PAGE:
Room for one more in a busy family
Families come in all shapes and sizes including one large family which welcomes other children into their home and gets a huge amount of joy from doing so.
Jo Wheeler is a mother to four children and is also a foster carer for Dorset Council who is keen to encourage others to think about fostering. She says her story starts in childhood:
“Kids were always in and out of our house and at Christmas we always had lots of people round, so I grew up in a busy house that was thoughtful and caring. I wanted to replicate that for my own family and I always said we could foster or adopt if we didn’t have our own children. However, we had four children so we were busy for a while.
“But then we moved house four years ago and during lockdown I remember very clearly I was sitting in the garden and I saw an advert for fostering on my phone. It was like that lightbulb moment and I decided there and then that it was time to welcome another child into our home. We have the space and I thought the rest of the family would want to share what we have.
“My husband and I talked it through and then we spoke to children as I’m not sure they had come across foster families before. Once they realised what it was all about, they thought it’d be great.
“A year and half in and we have had eight children through the door, with the last six months devoted to respite or day care. We have had ups and downs along the way, but then I think that is normal for any family.
“People sometimes ask me what do we get out of it and I’d say it is the little things such as getting a note from school to say your child has done well at a subject they have been struggling with. Or them coming home from school with a big smile on their face and asking if they can cook pancakes. All those things that show a child is really settled and at home with you.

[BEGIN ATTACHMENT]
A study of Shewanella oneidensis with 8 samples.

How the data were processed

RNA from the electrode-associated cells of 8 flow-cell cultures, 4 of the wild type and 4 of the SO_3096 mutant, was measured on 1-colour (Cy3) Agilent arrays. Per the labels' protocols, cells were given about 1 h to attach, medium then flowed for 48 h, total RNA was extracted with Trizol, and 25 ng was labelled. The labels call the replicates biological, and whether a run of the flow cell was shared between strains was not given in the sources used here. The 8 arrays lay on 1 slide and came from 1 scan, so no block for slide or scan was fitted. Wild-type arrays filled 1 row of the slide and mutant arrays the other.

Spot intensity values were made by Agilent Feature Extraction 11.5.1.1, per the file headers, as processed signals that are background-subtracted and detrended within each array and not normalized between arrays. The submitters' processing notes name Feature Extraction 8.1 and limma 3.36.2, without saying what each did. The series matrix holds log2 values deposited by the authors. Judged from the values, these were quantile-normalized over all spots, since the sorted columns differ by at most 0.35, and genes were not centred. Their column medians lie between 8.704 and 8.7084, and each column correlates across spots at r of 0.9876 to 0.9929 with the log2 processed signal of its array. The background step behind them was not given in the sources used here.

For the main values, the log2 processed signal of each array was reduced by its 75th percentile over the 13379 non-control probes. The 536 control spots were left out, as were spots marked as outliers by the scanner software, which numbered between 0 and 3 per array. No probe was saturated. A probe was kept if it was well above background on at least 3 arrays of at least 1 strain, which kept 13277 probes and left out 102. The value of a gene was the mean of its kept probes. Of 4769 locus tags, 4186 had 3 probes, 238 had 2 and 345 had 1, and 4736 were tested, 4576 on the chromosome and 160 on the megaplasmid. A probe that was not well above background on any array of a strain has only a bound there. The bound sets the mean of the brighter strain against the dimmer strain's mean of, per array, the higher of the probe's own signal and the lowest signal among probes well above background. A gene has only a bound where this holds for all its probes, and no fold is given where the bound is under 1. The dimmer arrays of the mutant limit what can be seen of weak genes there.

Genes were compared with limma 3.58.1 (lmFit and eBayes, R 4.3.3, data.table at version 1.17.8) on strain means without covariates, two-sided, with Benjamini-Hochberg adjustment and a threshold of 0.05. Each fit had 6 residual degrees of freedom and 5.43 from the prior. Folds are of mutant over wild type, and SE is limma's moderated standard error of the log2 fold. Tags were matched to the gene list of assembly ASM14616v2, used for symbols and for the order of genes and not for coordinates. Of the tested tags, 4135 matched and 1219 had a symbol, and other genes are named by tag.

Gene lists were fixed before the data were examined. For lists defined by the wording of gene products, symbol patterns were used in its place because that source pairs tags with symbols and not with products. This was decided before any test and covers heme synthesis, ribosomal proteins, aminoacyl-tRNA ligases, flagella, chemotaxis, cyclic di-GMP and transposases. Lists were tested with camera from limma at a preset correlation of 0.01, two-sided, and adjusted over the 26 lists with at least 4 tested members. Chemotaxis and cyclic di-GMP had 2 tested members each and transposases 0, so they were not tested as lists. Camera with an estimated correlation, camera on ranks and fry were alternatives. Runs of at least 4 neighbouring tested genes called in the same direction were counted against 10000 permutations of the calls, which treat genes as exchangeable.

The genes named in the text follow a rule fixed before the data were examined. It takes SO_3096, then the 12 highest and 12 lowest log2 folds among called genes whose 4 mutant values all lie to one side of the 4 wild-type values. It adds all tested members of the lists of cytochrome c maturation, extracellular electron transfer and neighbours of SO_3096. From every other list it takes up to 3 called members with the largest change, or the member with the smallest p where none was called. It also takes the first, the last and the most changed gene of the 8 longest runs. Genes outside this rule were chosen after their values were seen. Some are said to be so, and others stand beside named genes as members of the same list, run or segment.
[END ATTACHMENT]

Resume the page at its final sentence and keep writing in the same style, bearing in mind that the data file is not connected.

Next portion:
“Our children enjoy meeting new people and helping people in a position different to their own. They do like to share what we have and sharing our home with other children makes them see how important it is to help other people.
“Of course there have been challenges along the way, but I can’t fault the support from the fostering team. Whenever I’ve emailed or phoned they’d get back to me quickly and talk things through with me. The training to become a foster carer was amazing and being able to talk to other foster carers has also really helped.
“I’m quite a calm person and I have a good sense of humour which helps as a foster carer, but everyone is different and each person will bring different skills with them. It does really help to be organised, really organised, and be able to keep good records such as filling out diaries. There are also lots of meetings but I enjoy them so it’s not a problem.
“If anyone is thinking about fostering I’d say don’t hesitate to investigate it, don’t be put off making that initial phone call. Just be open with things that you’re worried about as they probably won’t stop you being a foster carer. Just pick up the phone and make that enquiry.
“Every circumstance is different from one person to another but the process is so thorough that if you have the slightest inkling that this might be what you want to do then give it a go.”
Foster with Dorset Council
Our fostering service puts the children who need loving, local foster homes at the heart of everything we do. The key focus is on keeping local children close to their schools, friends and birth families.
Our foster carers transform the lives of children and young people by opening their hearts and homes to those who need it the most. At present, demand for foster carers in Dorset is high – especially for teenagers and sibling groups.
If you’d like to find out more in-person, the fostering team hold regular fostering drop-in events across Dorset.